BootLeg Betty

Stage Door: Hello, Dolly! Review

Fern Siegel, Contributor
05/01/2017 02:09 pm ET | Updated 13 hours ago

2017-03-15_8-01-22

Hello, Dolly! is a warhorse musical — great score, great story, great costumes. But this Broadway incarnation has something more — a force of nature. Bette Midler as Dolly Gallagher Levi, the matchmaker supreme, is heaven-sent.

Now at the Sam S. Schubert Theater, Hello, Dolly! is surpassing all records.

Not just the $40 million in advance sales, but in Midler’s glorious return to the musical stage. (She made her debut in Fiddler on the Roof in 1967, following up a few years later with Clams on the Half Shell Revue. On the dramatic front, she starred in the solo I’ll Eat You Last: A Chat With Sue Mengers.)

From the moment the Divine Miss M appears, the audience is jazzed. And they remain in that state of ecstasy throughout her performance. This is not Carol Channing’s Dolly or Barbra Streisand’s Dolly, two of the best-known adaptations. This is Midler’s Dolly, delivered with a Sophie Tucker-like wink and a nod that has endeared her to fans for decades.

Best of all, the show’s pacing is just right – director Jerry Zaks keeps the action amusing, rather than dated, aided by Warren Carlyle’s lively choreography. The tight cast is clearly enjoying themselves. And why not?

Based on the Thornton Wilder play, set in late-19th century New York, the story is charming. It focuses on the marital desires of “half-a-millionaire” Horace Vandergelder (David Hyde Pierce). He wants a wife and employs Dolly, a veritable jack-of-all-trades, to secure him one.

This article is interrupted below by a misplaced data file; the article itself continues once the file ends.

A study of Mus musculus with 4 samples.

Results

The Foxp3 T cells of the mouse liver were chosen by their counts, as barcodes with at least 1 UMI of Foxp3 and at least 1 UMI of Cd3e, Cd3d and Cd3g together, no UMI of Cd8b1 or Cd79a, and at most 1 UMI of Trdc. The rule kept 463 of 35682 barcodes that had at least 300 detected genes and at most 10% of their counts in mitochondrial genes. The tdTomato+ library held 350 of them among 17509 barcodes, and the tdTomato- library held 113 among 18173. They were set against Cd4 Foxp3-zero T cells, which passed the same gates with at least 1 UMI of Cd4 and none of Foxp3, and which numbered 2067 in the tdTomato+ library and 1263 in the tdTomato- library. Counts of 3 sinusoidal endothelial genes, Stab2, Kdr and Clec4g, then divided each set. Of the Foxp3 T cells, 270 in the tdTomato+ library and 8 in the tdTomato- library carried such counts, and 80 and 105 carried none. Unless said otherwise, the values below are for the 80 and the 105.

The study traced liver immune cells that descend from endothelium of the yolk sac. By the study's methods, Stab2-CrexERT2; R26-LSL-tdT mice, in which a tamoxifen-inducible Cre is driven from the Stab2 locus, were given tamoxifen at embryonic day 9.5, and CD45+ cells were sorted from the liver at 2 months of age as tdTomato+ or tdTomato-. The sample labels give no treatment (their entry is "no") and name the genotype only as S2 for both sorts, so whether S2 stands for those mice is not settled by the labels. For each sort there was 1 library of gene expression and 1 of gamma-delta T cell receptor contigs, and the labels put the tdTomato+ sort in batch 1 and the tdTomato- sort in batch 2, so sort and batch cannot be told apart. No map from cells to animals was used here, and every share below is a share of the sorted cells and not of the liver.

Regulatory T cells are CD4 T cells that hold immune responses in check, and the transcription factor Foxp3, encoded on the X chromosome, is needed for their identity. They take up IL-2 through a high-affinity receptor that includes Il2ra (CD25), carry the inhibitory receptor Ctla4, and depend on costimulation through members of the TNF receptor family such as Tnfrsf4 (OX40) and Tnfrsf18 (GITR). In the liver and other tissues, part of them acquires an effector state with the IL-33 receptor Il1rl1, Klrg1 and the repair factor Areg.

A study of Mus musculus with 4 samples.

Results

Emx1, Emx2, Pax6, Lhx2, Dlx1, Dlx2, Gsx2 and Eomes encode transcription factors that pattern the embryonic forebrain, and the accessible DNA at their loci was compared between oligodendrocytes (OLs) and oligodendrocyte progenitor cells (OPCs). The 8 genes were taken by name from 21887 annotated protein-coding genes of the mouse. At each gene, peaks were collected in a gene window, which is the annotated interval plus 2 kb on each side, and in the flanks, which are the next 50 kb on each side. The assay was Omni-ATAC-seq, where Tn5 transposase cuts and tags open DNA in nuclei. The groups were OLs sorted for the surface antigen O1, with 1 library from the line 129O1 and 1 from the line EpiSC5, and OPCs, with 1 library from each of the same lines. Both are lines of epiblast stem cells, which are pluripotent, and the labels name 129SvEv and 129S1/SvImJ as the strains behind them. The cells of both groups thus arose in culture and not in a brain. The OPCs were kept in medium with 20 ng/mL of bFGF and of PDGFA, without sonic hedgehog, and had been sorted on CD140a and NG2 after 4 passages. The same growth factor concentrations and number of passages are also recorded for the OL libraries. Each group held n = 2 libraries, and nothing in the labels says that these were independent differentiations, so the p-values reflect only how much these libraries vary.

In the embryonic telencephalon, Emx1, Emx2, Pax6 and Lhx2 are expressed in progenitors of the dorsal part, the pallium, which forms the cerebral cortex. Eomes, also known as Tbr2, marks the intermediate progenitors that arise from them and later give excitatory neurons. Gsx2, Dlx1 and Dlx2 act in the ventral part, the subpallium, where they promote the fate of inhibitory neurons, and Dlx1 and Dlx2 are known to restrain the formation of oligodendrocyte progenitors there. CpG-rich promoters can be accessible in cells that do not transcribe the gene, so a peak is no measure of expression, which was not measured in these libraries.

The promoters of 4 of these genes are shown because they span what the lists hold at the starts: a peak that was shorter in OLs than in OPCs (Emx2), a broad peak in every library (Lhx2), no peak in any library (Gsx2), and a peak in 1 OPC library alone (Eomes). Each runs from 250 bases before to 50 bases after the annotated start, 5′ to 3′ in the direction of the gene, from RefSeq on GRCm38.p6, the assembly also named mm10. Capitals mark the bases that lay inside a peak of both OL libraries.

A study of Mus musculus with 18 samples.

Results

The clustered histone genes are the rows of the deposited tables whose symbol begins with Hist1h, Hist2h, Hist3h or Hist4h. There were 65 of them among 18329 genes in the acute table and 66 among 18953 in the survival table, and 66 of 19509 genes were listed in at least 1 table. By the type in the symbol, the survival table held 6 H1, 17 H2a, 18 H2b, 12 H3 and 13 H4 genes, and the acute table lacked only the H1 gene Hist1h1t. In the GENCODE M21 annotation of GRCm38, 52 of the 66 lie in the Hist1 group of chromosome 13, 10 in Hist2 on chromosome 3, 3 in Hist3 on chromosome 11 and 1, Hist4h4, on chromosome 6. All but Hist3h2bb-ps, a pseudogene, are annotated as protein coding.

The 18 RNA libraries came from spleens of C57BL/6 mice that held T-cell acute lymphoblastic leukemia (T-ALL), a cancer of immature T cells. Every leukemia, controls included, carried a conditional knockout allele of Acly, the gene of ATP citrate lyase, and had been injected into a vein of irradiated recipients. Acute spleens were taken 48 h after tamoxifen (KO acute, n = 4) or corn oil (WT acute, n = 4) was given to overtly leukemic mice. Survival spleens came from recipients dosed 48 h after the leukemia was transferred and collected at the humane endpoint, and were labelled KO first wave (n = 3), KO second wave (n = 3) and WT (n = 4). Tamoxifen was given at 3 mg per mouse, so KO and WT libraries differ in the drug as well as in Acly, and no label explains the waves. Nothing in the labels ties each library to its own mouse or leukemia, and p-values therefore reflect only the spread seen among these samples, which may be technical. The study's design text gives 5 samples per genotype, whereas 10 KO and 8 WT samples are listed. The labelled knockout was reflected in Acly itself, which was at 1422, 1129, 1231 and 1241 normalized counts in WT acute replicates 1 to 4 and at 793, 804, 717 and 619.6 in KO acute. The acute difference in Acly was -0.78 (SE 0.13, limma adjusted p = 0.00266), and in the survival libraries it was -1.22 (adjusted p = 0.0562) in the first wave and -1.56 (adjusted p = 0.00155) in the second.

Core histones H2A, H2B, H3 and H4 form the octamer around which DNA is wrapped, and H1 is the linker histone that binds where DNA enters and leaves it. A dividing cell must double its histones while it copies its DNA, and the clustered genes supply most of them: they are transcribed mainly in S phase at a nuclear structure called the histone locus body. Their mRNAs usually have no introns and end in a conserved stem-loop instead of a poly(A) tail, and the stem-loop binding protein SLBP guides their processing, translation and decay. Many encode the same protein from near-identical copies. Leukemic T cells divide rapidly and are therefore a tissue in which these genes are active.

The rumor: He will propose to Mrs. Irene Molloy (Kate Baldwin). But Dolly has a secret plan — to snag the rich curmudgeon for herself. Widow of the late, beloved Ephraim Levi, she is weary of financial struggles. And while, she notes ruefully, it won’t be a love match, they will be content.

And that’s part of the Hello, Dolly! template: We need love and companionship to be happy. The plural includes Vandergelder’s two assistants, Cornelius (Gavin Creel) and Barnaby (Taylor Trensch). They long for an adventure with eligible women — and find it with Molloy and Minnie Fay (Beanie Feldstein in a lovable comic turn).

Love is in the air — and each night, audiences enjoy their own romance with the show.

The performances are uniformly wonderful: Baldwin has a beautiful voice, Creel and Trensch are perfect as rubes with heart, while Hyde Pierce hits the right note of bachelor exasperation and vulnerability.

Much as she did decades ago, Midler has taken Broadway by storm. Jerry Herman’s glorious score and Bette Midler are a perfect match.